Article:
Obama Monument Announcement Disappoints Pacific Fishery Council

"Serves a political legacy rather than any conservation benefits', Council highlights two alternative plans offered by them that were rejected

SAIPAN, CNMI (Marianas Variety, August 29, 2016) – The Western Pacific Regional Fishery Management Council has expressed its disappointment with the announcement that President Obama will expand the Papahānaumokuākea Marine National Monument to the full extent of the U.S. exclusive economic zone (out to 200 miles from shore) to encompass a total 582,578 square miles around the Northwestern Hawaiian Islands.

“We do not believe the expansion is based on the best available scientific information,” said Kitty Simonds, council executive director. “It serves a political legacy rather than any conservation benefits to pelagic species such as tunas, billfish, sea turtles, seabirds and marine mammals. The campaign to expand the monument was organized by a multibillion dollar, agenda-driven environmental organization that has preyed upon the public’s lack of understanding of ocean resource management issues and utilized influential native Hawaiians and several high-level politicians to lead this initiative. Our government has chosen to follow the Pew’s Ocean Legacy.”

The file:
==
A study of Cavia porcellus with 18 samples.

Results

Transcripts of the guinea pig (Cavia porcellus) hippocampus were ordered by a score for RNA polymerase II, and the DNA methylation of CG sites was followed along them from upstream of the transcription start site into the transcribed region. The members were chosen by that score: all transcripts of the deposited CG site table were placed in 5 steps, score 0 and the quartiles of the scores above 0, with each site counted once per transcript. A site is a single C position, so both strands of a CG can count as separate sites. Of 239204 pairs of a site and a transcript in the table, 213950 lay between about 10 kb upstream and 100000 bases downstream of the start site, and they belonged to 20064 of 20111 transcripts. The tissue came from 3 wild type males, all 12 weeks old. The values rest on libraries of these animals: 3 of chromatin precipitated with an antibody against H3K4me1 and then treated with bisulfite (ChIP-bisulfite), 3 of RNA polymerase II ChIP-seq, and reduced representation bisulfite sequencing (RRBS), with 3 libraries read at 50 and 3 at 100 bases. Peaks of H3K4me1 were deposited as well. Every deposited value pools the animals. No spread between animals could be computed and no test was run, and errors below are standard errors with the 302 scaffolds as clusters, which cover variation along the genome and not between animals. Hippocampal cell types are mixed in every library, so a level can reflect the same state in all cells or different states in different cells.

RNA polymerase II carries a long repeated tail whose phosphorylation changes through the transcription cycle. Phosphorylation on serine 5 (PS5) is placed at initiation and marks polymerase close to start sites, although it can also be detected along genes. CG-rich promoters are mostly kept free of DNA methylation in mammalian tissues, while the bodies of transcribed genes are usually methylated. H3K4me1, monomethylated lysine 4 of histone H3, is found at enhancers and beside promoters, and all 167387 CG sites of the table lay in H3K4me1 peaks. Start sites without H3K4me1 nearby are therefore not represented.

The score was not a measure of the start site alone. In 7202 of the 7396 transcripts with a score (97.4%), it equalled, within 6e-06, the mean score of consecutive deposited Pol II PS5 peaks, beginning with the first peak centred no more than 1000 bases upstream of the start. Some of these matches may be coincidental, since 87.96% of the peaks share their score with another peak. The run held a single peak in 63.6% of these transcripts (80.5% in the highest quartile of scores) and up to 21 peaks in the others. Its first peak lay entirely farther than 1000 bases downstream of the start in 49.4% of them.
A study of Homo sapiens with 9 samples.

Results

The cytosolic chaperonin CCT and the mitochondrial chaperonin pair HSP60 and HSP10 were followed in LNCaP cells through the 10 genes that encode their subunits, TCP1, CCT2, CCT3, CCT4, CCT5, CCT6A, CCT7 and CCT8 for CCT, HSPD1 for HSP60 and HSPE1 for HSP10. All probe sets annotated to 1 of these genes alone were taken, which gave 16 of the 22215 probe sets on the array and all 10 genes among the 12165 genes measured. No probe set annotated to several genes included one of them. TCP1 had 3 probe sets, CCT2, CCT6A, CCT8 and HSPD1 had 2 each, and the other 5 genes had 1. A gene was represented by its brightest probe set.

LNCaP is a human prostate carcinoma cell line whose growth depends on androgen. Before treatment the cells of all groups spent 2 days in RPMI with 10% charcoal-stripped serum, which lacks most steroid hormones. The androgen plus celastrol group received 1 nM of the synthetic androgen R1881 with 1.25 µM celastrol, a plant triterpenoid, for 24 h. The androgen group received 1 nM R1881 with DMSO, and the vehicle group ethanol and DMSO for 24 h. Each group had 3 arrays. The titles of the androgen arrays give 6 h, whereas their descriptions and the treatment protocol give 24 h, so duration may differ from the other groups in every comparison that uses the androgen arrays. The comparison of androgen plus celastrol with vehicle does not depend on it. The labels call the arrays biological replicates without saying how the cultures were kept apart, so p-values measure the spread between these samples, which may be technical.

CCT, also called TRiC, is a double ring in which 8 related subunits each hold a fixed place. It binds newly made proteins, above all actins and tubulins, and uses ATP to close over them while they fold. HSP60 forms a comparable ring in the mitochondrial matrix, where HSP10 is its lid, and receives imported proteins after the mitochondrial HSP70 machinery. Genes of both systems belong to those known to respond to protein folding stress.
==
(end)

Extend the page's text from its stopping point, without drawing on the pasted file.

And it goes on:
The council earlier provided Obama with two options for monument expansion that would have achieved the protection and legacy objectives that the proponents were seeking while also minimizing impacts to the Hawaii longline fishery and local seafood production. “The president obviously chose not to balance the interests of Hawaii’s community, which has been divided on this issue,” Simonds said.

“Closing 60 percent of Hawaii’s waters to commercial fishing, when science is telling us that it will not lead to more productive local fisheries, makes no sense,” said council chair Edwin Ebiusi Jr. “Today is a sad day in the history of Hawaii’s fisheries and a negative blow to our local food security.” Fisheries are the state’s top food producer, according the Hawaii Department of Agriculture.

The expansion of the Papahānaumokuākea monument is the fourth time a U.S. president has used the Antiquities Act of 1906 to create or expand a marine national monument. All four of the U.S. marine national monuments are in the U.S. Pacific Islands.

“Our islands are populated by minority ethnicities,” Simonds said. “We have little representation in Congress and are located 5,000 to 8,000 miles from nation’s capital. Placing all of the marine monuments in our waters is a conservation burden to U.S. Pacific Islanders and a is a socioenvironmental injustice, especially as we rely on the oceans for fresh fish that is our culture and our tradition.”